BBC News: Tesco is bombarding UK consumers with a massive e-mail marketing campaign. Way ahead of its supermarket rivals, it issued 44 separate e-mail campaigns last month, more than Sainsbury, Asda, Waitrose and Somerfield put together. According to e-mail marketing firm Interactive Prospect Targeting Services, Tesco is blitzing the nation with 16-20 million e-mails per month.
Whatever the evangelists say about new communication channels like RSS, the reality today is that email as a direct marketing tool still reigns supreme among online media. As a push-tool used in the way Tesco illustrates, it can’t be beaten for its ability to reach enormous numbers of people, and reach them quickly and interactively.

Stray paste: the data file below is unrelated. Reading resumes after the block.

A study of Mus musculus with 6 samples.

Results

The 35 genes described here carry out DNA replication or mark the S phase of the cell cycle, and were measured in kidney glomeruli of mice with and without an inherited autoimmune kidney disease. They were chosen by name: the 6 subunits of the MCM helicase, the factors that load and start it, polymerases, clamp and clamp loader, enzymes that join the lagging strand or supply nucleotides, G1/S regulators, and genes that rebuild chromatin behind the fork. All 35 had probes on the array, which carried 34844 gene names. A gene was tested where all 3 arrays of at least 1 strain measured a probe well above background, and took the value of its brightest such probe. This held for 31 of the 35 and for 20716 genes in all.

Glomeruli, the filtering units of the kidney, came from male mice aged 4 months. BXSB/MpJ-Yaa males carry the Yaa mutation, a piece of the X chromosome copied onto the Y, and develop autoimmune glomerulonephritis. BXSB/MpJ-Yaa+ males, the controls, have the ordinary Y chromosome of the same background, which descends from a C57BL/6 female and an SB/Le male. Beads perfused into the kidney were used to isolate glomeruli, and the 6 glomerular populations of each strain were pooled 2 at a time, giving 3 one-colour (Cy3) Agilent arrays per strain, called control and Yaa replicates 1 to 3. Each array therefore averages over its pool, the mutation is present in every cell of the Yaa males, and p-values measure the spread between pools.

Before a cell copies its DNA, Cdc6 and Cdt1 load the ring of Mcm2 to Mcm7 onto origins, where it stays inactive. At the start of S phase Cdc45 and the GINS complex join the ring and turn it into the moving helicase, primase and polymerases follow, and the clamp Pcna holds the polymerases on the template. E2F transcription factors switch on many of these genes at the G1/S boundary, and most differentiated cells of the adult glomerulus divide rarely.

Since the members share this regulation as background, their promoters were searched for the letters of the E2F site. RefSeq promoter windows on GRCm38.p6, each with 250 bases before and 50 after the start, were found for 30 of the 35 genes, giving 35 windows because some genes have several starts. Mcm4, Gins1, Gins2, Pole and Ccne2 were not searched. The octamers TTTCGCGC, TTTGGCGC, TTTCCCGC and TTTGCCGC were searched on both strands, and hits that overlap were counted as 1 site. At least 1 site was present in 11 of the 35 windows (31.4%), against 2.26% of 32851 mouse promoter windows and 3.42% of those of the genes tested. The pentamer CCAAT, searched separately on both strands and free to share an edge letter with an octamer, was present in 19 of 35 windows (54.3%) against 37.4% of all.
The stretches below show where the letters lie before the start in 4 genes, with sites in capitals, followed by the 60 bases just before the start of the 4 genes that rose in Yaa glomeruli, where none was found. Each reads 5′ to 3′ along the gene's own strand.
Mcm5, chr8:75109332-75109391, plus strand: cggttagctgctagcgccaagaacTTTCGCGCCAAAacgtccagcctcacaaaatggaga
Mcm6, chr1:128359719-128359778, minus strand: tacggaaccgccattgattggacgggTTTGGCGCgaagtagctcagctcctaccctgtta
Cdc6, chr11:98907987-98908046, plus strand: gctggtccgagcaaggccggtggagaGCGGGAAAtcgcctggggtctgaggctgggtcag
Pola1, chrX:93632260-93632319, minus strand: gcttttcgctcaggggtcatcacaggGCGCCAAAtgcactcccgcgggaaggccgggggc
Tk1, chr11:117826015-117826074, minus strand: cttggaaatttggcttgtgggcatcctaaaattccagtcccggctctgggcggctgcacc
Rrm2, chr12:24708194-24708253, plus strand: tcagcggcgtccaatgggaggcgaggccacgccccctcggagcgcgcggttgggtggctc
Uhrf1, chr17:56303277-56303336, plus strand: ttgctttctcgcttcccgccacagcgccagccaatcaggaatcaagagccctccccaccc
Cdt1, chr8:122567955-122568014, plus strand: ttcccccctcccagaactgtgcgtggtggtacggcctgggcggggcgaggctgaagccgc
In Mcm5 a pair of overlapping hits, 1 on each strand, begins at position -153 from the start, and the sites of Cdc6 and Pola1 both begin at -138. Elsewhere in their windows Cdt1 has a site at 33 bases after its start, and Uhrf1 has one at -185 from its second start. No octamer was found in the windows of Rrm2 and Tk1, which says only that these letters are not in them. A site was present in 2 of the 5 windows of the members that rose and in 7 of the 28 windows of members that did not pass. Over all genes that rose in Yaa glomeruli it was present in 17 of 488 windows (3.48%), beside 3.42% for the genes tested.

We’re talking quantity here, though, not quality:
[…] "More people shop with us online than with anyone else and we do communicate with a lot of them by email," said a spokesperson for Tesco. "We know that customers hate junk mail so we try to target them as much as possible and make it easy for them to stop receiving emails if they don’t want them."
This is Tesco’s toe in the water for RSS, I would imagine. Tesco is the only supermarket on whose website I could find an RSS feed – none of the others mentioned in the BBC story has a feed, not that I could discover. Yet I’d expect more supermarkets to embrace RSS. Still doing email, of course, but more RSS.
So my prediction is – more RSS feeds by consumer-focused businesses such as supermarkets. It’s getting easier for people to use RSS (often without realizing it) and will get easier still as more businesses offer information via RSS, as simpler ways of describing it emerge (like ‘live bookmarks,’ for instance), and as it becomes ever more easier to get the information offered via RSS. (Related development: expect more advertising in RSS.)
It’s the heir to the direct marketing throne.